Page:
BOSTON (CBS) – The IRS has processed nearly 50 million returns, about one-third of the total individual federal income tax returns the agency expects to receive this year, with almost 83 percent of those returns resulting in refunds.

Almost 40 million tax refunds worth nearly $125 billion have been issued as of Feb. 20, according to IRS. The average refund is $3,120.

A refund is not a windfall! Too many treat it as such. It is a return of your money. You allowed your employer to withhold too much money last year and you are just now getting it back.

So what to do with that refund? Well as you all know I usually recommend the practical stuff. So don’t even think about rewarding yourself with those dollars if you don’t have an emergency fund or if you have credit card debt!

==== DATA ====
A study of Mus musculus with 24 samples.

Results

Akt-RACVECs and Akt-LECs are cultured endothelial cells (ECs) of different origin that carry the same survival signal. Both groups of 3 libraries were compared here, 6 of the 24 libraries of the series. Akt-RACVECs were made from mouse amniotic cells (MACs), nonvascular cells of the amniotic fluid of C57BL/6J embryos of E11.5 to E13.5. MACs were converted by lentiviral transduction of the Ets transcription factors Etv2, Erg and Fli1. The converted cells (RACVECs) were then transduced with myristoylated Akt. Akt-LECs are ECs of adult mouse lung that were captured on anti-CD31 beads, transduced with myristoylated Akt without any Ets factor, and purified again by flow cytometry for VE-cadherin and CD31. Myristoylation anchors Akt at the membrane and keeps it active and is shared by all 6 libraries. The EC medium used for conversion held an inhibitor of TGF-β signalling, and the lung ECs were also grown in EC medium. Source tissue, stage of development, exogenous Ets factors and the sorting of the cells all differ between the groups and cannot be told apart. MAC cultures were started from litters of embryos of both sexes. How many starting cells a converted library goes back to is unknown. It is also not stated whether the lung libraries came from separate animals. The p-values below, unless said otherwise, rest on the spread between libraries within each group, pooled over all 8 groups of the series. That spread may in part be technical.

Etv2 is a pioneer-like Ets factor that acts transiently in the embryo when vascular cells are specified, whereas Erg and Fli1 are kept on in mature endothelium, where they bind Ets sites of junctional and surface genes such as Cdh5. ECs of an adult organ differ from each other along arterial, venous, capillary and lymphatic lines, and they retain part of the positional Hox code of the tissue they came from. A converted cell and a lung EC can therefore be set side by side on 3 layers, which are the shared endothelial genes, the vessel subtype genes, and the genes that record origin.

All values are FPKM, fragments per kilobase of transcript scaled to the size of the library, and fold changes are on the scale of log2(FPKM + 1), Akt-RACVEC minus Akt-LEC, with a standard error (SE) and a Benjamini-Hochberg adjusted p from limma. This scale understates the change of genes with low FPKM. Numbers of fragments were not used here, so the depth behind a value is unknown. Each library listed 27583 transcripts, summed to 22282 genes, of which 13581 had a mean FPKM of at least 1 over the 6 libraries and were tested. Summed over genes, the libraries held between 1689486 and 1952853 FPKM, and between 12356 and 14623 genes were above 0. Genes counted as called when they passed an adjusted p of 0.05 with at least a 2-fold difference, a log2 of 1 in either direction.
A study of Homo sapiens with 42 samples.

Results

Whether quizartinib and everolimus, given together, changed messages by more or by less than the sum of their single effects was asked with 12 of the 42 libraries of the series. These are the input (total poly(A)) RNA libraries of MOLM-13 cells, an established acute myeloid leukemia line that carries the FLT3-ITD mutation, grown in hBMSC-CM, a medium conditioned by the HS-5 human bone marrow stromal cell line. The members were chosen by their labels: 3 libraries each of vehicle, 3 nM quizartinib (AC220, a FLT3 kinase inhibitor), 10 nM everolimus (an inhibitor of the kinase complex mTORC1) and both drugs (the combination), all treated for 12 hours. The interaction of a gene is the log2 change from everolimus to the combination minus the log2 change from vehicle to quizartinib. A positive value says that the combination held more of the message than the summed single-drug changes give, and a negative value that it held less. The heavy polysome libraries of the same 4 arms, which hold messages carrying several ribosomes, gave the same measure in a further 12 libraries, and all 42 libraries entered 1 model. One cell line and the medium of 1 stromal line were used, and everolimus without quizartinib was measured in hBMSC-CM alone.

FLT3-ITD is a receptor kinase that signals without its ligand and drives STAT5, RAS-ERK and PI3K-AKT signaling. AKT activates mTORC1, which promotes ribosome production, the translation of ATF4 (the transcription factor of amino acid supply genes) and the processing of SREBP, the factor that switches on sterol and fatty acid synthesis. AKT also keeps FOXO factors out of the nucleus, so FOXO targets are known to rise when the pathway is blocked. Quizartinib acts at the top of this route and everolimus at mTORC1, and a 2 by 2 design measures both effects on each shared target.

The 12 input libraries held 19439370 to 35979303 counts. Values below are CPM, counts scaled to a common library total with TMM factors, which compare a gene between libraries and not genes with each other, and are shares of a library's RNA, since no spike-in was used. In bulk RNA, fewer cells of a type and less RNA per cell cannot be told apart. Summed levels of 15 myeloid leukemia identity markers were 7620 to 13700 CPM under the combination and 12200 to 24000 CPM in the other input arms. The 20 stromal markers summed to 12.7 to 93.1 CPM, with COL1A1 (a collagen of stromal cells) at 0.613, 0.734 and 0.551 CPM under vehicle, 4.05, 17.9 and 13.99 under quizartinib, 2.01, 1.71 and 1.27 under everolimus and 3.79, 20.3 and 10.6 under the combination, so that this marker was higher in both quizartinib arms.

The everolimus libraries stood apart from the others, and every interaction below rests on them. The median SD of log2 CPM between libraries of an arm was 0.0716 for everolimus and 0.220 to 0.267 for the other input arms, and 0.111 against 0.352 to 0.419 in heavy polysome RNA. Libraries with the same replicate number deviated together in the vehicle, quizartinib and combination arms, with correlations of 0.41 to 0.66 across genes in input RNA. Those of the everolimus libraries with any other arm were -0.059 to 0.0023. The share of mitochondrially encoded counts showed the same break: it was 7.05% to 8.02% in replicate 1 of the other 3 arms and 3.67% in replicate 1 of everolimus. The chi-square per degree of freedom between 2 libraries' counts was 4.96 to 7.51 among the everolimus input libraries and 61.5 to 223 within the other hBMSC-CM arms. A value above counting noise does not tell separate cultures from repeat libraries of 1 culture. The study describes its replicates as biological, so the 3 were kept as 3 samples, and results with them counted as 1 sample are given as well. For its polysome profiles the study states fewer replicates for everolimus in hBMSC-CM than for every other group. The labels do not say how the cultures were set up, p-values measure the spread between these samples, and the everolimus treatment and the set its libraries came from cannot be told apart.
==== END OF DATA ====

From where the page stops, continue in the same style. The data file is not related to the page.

A recent survey found that 60% of surveyed households had experienced at least one financial crisis in the last year — and 50% lacked any emergency savings to help them cope. Consider using that refund to save more in a Rainy Day fund.

Your Rainy Day should have in it at least 3 months of living expenses. This money is for an emergency such as loss of income or unexpected medical bills or your car breaks down.

Three months of living expenses is not the same as three months of income. You need only cover the basics in your budget. What will it take to maintain your lifestyle, rent/mortgage payment, groceries, monthly utilities, childcare, insurance payments, taxes, etc.? That’s the amount you’ll need.

If you are single or the sole breadwinner in a family, an emergency fund is extremely important because you don’t have the luxury of a second income to cushion some of the emergency. My recommendations are as follows:

  • Bare minimum for anyone:                 3 months
  • Children & 2 steady incomes:             3-6 months
  • Children & 1 steady income:              4-6 months
  • Children & no steady income:            6-9 months


One more thing: To check on your refund go to the IRS’ website.


You can hear Dee Lee’s expert financial advice on WBZ NewsRadio 1030 each weekday at 1:55 p.m., 3:55 p.m., and 7:55 p.m.

Subscribe to Dee’s Money Matters newsletter here.